Walkable Neighborhoods Have Less Childhood Obesity
Children who live in more walkable neighbourhoods have a smaller waist measurement and a lower body mass index. This suggests urban design is a factor in the rise of childhood obesity, says a Canada-based team led by Tracie A Barnett of the University of Québec’s research institute, INRS, and infrastructure designed to encourage walking can help reduce it.
Features like pedestrian crossing lights, wider sidewalks, and signs to help pedestrians cross the road, are thought to have a great impact in making high-density neighbourhoods pedestrian-friendly. Such features can also encourage children to ride bicycles, play outside, and engage in similar activities, all of which help them burn off energy.
While the study focused on the city of Montreal, in Canada, the lessons for India’s crowded urban neighborhoods seem obvious — and urgent; obesity is on the rise among India’s comparatively wealthier urban populations, in part due to changing diets and, perhaps, in part due to sedentary lifestyles encouraged by its cities’ layouts.
This isn’t the first study to suggest urban design plays a role in the health and size of a city’s inhabitants. In 2014, a study found cities with “more compact street networks with smaller major roads are correlated with better health.” In 2016, a study of Lausanne, Switzerland, found obesity more prevalent among inhabitants of the city’s outskirts — areas with wider, more crowded roads, metro lines, and far from urban green spaces. (The Lausanne study controlled for other drivers of factors, such as age, race, education level, income level, and smoking and alcohol consumption.)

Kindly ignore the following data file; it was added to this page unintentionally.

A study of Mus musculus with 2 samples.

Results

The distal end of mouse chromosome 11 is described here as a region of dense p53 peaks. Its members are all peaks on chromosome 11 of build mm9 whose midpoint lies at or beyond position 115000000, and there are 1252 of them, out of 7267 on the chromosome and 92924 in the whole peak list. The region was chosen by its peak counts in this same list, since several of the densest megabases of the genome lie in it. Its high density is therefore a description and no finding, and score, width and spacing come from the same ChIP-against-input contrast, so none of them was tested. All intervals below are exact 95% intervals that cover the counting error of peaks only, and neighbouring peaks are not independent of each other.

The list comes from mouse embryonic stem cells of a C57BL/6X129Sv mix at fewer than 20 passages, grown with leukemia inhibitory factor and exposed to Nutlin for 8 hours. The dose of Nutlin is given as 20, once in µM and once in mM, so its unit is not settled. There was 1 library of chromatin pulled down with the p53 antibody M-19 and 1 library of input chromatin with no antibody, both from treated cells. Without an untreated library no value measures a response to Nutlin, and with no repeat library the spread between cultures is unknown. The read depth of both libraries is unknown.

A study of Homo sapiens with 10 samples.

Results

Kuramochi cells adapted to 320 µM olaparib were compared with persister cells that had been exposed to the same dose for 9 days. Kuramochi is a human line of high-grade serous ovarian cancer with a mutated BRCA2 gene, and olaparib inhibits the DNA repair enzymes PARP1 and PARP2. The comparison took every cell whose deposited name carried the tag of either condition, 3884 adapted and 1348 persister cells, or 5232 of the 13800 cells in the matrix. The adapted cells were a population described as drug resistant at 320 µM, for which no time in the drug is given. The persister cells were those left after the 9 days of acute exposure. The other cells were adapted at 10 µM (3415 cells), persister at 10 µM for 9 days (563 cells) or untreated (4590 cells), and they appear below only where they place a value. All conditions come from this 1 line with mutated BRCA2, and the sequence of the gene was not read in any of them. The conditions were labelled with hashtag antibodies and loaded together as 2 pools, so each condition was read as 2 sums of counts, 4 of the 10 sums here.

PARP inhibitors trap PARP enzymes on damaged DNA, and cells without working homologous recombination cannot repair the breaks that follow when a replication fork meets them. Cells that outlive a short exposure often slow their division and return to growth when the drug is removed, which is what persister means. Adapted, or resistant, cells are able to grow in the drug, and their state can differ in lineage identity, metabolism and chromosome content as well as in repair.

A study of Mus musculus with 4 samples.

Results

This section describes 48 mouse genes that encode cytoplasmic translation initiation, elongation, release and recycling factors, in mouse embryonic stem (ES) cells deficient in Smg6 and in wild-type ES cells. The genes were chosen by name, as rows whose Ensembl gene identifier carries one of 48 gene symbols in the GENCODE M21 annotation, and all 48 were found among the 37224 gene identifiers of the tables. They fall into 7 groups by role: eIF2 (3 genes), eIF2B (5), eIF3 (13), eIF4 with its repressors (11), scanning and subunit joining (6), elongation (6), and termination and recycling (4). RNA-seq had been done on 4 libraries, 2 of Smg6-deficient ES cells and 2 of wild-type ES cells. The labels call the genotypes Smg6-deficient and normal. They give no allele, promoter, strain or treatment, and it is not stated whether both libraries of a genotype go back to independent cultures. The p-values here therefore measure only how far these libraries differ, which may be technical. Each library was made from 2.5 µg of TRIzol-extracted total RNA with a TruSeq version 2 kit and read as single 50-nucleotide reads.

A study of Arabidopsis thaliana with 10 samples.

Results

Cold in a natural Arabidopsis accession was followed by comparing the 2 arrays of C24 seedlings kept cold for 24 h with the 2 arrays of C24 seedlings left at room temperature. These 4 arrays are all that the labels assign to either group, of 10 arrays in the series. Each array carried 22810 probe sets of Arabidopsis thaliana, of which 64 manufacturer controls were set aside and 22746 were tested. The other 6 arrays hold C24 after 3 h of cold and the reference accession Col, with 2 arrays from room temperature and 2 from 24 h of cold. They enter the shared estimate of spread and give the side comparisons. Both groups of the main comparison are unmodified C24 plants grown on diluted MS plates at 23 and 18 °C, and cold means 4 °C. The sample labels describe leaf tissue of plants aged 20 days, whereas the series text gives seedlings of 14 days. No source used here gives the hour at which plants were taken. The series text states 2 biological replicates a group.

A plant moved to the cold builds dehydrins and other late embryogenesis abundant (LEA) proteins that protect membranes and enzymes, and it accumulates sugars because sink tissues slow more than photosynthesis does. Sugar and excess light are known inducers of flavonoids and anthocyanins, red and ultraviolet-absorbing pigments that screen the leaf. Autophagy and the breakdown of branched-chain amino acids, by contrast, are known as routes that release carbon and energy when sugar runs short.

While no study has definitively linked urban design as a cause of either childhood or adult obesity, it is a likely factor — and one that would merit Indian cities’ attention. Childhood obesity is a growing problem in India; while accurate numbers are difficult to come by (the most recent National Family Health Survey did not explore childhood obesity), some estimates put it as high as 19% of all children. This is only likely to grow, based on the current and projected state of India’s urban areas. India is slated to have seven mega cities (cities of more than 10 million inhabitants) by 2030 — two more than its current number. And unfortunately, our metros not starting from a place of strength; as Samar Halarnkar wrote for Scroll (syndicated in Quartz) last year: “Every city is being denuded of its trees because there exists no plan or coordinating authority for roads, metros, flyovers, and parks for each city. From Shillong to Ahmedabad, from Srinagar to Rameshwaram, the urban governance crisis is visible and worsening.”
Roads are getting bigger and bigger; green spaces fewer and farther between; and safe and open spaces for inhabitants of all ages to move and exercise are growing scarcer right as we need them most.